Today, as we observe Remembrance Day in Canada and many other nations around the world, there are two words on my mind: “remembrance” and “gratitude.” And those words usher in memories of two Operation Eyesight donors who served in the Royal Canadian Air Force.
Every year, Heather Arseneault makes a donation to Operation Eyesight in memory of her late parents, Hazel and Alastair MacDonald. A few months ago, we had the privilege of speaking with Heather and hearing the details of her parents’ incredible love story.
Born in the early 1920s, Hazel and Alastair both grew up in Winnipeg, MB. They had attended the same high school, however, it wasn’t until the war brought them both to Europe that they actually met. Hazel was an entertainer with the W-Debs and Alastair (known as Mac by his flying buddies) was a bomb aimer, both with the Royal Canadian Air Force.
At one of the W-Deb performances, Alastair recognized the “short one on the right” as a girl from Winnipeg. That night, Alastair went back to his barracks and told his fly mates that he had met the woman he was going to marry. And so the story goes…
On April 14, 1945, Hazel and Alastair were married in a bombed out church in London, England – the necessary church in London for their legal marriage certificate. A second ceremony was held in another church where their friends could attend.
“My parents had a fairy tale life right from the beginning,” says Heather.
After the war, they returned to Canada, following Alastair’s working career from Saskatchewan, to B.C. and Alberta, and then to Ontario. After two decades in their home country, an international job posting took them to Johannesburg, South Africa. They later moved to Stamford, Connecticut and eventually retired in Vancouver, B.C. in their early 70s. Meanwhile, they travelled the world.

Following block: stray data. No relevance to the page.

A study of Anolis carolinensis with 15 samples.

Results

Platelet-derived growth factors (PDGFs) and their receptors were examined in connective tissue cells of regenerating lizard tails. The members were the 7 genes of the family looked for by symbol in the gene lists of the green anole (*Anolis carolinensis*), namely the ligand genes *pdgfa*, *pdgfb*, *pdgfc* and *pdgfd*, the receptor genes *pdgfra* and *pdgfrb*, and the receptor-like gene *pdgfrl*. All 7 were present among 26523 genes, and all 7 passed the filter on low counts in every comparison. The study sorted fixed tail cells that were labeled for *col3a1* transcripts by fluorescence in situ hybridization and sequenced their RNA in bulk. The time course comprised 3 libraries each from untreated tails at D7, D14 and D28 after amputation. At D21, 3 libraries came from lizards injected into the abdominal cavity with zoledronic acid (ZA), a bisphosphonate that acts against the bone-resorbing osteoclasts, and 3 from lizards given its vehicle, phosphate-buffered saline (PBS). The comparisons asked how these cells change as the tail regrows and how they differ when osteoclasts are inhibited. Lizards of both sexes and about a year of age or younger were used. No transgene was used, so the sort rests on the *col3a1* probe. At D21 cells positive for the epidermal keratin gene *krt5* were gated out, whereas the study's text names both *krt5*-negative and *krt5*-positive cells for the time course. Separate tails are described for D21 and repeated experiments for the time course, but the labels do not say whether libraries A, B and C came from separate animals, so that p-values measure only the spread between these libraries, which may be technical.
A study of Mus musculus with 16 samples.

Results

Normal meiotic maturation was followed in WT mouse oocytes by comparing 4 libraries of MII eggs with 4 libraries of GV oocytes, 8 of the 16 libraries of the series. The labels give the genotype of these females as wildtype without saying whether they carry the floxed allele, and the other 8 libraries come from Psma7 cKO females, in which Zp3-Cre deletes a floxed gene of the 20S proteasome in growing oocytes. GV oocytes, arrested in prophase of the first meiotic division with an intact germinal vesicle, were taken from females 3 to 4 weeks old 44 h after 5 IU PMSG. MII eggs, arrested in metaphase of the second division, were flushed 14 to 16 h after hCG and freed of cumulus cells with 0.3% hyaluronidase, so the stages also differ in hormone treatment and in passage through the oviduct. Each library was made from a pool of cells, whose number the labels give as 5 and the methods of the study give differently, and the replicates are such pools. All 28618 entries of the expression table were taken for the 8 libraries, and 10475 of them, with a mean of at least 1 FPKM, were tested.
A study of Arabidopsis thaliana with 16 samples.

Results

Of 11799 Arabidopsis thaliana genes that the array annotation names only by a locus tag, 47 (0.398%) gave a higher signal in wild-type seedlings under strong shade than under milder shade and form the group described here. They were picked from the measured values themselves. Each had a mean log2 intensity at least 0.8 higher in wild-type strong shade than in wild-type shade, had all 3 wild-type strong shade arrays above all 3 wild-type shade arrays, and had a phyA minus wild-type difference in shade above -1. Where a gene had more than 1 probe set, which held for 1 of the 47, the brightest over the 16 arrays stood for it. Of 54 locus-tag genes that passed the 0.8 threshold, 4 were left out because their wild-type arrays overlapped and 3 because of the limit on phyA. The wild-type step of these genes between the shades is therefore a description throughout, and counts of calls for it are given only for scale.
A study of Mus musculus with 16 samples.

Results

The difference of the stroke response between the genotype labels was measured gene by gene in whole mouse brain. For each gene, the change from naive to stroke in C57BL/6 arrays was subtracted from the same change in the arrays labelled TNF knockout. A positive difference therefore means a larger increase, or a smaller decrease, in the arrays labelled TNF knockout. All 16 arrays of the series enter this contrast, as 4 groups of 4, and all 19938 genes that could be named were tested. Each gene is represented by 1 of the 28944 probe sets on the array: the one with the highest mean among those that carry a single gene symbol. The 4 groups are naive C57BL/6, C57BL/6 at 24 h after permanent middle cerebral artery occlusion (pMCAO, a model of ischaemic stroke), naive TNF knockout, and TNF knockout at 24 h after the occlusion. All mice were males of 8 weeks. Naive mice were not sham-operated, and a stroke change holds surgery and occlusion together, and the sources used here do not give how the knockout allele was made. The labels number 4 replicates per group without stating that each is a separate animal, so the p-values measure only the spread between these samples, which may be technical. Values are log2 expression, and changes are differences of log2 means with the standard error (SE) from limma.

Hazel and Alastair passed away in 2000 and 2013, respectively. They were deeply loved by their friends and family who remember them as generous donors with a door that was always open.
“They were always giving to and caring for total strangers if they saw them in need,” explains Heather. “And that’s what charity is all about.”
Heather recalls the time her father brought two hitchhikers home for breakfast, and the time he invited two strangers from the airport to stay at their place for the night, as the couple had been bumped from their flight.
“Dad was a real character with a big heart,” she says.
Much of Hazel and Alastair’s teachings – charity being one of them – have been carried on by Heather and her two sisters in their honour.
Operation Eyesight was Hazel’s favourite charity. She and Alastair often made contributions to Operation Eyesight in the names of their six grandchildren. Hazel also hosted and helped organize fundraisers.
Heather says the reason her mother was so passionate about Operation Eyesight’s work was that she wore corrective lenses herself; she wanted those less fortunate than her to regain the precious gift of sight as well.
“Since Mom and Dad have passed, there’s been a lot of tearful moments, a lot of laughter and a lot of story sharing,” says Heather. She’s thankful to have had such amazing parents as role models. She’s already started encouraging her own children to continue to give for a third generation.
“They say it starts at home, but it’s not always close by,” says Heather. “You can give to those you know, those you may meet, and even those whose path you will never cross. I know that because of the household I grew up in.”
Thank you for sharing your family’s story with us, Heather. Your parents were truly remarkable people, and we are so happy to hear that they’ve passed their lessons of giving onto their children and grandchildren. Thank you to you and your family for supporting Operation Eyesight for what will soon be three full generations!